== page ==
Another media ‘sting’ and the banality of sleaze


By Derek Bateman

The greed is so casual in the British parliamentary system that they’ve stopped noticing it. The title Member of Parliament is a meal ticket to a free buffet – eat as much as you want and then come back again and again.

Derek face left
Derek Bateman

Even at the height of the referendum Alistair Darling, while receiving an MP’s salary and expenses, was touring the corporate fleshpots earning £10,000 for a speech, earning, it’s estimated, a quarter of a million in the two-year campaign. Better Together? You bet.

The indignation of the once-fine Scottish Tory MP Malcolm Rifkind when confronted with his own thirst for business on Radio Four was epic. “They approached me…” he screeched, as if entering talks with a hiring client was an innocent pursuit.

He wasn’t offering information that wasn’t already in the public domain. Really? So why would they pay thousands for a day’s ‘work?’

He wasn’t paid a salary, he was self-employed so he could do what he wanted. Oops. He had to admit getting that one wrong. The taxpayer very definitely does pay him a salary – of £67,000, two and a half times the average wage – but what he meant was that it was too small to really count.

“That’s not a professional salary,” he said to the presenter in the certain knowledge that the BBC man will earn probably three times an MP’s income plus a fortune in outside speaking engagements. It means that the presenter is even part of the problem. He knows he can’t bark at Rifkind: “Are you saying £67,000 isn’t enough to live on?” and he also knows he is earning £10,000 a speech on the after dinner circuit so his own position is compromised.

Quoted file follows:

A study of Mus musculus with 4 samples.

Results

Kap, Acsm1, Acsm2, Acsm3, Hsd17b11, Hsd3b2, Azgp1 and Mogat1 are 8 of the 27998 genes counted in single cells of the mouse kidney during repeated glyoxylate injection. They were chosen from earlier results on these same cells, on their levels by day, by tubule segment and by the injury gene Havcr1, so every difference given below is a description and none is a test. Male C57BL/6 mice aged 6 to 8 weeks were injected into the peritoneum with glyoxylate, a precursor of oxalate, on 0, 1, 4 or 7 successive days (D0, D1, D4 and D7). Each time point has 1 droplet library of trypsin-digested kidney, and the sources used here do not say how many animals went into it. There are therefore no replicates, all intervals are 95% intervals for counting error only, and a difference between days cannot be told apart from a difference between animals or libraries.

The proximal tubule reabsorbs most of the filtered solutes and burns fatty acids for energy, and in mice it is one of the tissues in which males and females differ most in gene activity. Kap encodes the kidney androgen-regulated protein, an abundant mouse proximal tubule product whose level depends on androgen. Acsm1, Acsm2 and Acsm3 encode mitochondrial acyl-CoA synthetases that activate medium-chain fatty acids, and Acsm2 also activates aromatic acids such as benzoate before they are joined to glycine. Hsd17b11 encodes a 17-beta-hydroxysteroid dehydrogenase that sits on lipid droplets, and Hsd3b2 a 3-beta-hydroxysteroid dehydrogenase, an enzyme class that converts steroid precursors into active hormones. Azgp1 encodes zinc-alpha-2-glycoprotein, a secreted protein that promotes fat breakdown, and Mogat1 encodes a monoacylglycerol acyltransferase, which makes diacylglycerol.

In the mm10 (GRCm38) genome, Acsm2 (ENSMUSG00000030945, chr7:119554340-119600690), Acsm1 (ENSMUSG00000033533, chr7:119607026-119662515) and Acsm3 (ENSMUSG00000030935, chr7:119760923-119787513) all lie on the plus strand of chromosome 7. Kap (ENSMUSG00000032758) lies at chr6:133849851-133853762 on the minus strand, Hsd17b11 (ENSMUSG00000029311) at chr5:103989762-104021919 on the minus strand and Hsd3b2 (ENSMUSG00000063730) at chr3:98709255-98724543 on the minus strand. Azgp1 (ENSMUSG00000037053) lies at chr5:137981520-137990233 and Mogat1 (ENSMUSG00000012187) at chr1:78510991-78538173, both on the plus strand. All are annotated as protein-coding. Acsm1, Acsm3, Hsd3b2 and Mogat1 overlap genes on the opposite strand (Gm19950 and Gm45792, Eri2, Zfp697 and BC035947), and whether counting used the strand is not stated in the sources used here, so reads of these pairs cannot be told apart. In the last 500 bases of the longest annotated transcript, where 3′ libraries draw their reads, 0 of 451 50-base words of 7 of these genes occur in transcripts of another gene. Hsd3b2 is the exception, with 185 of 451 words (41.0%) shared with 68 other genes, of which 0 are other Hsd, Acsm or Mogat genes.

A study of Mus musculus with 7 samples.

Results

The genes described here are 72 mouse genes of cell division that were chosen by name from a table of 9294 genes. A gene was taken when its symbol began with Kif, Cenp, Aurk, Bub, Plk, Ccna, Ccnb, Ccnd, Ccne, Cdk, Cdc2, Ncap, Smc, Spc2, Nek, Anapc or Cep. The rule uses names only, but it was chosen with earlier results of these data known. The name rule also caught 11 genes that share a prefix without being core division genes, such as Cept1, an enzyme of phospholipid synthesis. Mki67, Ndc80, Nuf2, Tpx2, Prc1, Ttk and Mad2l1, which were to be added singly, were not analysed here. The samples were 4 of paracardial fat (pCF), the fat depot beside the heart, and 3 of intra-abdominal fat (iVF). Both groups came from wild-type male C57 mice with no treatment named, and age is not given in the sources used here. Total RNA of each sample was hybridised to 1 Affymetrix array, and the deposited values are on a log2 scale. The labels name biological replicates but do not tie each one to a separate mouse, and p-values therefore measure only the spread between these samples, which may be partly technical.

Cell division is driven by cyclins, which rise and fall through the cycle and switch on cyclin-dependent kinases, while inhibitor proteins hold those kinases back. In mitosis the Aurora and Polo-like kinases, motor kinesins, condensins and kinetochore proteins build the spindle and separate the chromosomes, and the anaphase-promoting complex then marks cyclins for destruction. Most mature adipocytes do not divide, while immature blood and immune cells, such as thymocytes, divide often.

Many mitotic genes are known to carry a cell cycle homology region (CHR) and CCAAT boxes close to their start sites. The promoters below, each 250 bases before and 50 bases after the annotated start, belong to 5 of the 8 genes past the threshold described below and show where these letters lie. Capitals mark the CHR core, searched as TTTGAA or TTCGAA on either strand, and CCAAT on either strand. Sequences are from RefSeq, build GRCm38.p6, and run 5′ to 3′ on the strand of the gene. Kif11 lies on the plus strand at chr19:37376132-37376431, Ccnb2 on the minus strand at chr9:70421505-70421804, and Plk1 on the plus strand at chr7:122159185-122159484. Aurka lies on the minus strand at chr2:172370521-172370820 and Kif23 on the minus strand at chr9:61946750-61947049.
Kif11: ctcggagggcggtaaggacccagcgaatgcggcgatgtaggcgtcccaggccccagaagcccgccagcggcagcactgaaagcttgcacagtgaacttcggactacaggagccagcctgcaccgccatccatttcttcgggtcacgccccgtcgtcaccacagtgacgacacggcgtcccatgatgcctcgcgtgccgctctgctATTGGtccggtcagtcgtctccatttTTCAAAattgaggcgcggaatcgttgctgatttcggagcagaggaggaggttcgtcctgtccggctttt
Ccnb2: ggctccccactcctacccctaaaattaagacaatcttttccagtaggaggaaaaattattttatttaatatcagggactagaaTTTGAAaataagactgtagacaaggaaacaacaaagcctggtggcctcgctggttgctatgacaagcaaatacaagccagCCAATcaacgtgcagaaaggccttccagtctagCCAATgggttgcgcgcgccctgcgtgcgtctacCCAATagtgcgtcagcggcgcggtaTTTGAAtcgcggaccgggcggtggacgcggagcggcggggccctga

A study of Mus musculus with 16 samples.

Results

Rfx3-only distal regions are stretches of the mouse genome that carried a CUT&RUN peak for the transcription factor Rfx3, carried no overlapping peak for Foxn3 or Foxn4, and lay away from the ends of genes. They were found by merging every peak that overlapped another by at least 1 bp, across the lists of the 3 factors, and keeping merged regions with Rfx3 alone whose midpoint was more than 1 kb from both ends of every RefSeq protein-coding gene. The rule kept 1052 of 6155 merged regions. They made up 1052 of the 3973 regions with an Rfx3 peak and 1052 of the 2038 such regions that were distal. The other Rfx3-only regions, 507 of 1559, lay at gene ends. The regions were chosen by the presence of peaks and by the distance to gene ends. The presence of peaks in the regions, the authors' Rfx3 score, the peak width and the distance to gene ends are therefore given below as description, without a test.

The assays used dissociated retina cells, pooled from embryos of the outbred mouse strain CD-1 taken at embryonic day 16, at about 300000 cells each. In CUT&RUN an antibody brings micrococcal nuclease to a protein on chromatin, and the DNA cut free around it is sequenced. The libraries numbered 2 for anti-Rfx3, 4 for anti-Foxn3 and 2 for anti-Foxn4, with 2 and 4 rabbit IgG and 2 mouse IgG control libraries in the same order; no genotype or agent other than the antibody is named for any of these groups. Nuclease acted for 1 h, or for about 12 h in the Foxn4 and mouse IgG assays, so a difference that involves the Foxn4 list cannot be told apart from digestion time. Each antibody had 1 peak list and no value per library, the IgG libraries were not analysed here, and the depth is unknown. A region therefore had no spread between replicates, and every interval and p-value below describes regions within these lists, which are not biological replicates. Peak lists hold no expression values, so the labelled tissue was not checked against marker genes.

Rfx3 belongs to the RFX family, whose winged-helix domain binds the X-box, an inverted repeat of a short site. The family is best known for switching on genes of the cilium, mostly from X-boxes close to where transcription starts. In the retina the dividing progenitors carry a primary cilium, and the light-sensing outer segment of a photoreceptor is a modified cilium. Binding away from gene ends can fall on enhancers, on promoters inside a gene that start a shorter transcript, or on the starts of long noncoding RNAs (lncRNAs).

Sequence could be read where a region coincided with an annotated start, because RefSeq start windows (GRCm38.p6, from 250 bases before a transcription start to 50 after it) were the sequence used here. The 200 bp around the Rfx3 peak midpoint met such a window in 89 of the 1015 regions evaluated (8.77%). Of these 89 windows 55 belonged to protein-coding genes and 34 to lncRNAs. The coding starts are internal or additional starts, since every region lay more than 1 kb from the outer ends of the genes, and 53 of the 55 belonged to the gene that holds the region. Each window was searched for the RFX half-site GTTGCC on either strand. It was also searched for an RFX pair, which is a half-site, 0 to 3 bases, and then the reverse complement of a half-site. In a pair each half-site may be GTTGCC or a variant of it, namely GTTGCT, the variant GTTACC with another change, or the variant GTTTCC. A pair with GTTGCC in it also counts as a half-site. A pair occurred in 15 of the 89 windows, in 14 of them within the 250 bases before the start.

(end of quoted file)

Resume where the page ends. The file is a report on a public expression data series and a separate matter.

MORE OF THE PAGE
Here you have the British elite dancing around each other with feign and parry in the ceremonial tableau of failed accountability. Why is Rifkind in Parliament?

Who does he represent? What is the basis of his contract with the people? What comes first in his priorities?
He can say what he likes. He has six City directorship despite criticism of a possible conflict of interest. He has agreed to become non-executive chairman of ArmorGroup, which is the biggest private security company currently working in Iraq and coincidentally, he is also chairman of the Joint Intelligence Committee at Westminster which monitors the security services…But there is no conflict of interest.

He is so used to schmoozing with those who grease his palms that he doesn’t accept he can’t differentiate between his roles on behalf of people and or of private interests.

The real insight isn’t that he’s greedy but that he tells us 200 other MPs are paid by outside interests as if to say: ‘It isn’t only me…so that makes it alright.’

Jack Straw, the man who wants a law to stop the Scots getting independence (mentioned AFTER the referendum vote) is the same politician who must have known about rendition flights and torture and will be awaiting Chilcott with apprehension. He now joins the queue of sanctimonious Labour skeletons using the River Thames club as a business base. He shows you don’t have to send old socialists to the Lords to reveal their lack of principle – just offer them cash. Good old, sad old, Labour.

And remember both these high-flying, respected and principled British politicians were so gullible they were suckered by the oldest con trick in the investigative book. Time after time and even after the expenses storm and extra scrutiny, the corruption keeps leeching through. They were, ultimately, just numpties with their hand out.

Does anybody still think Westminster can be cleaned up?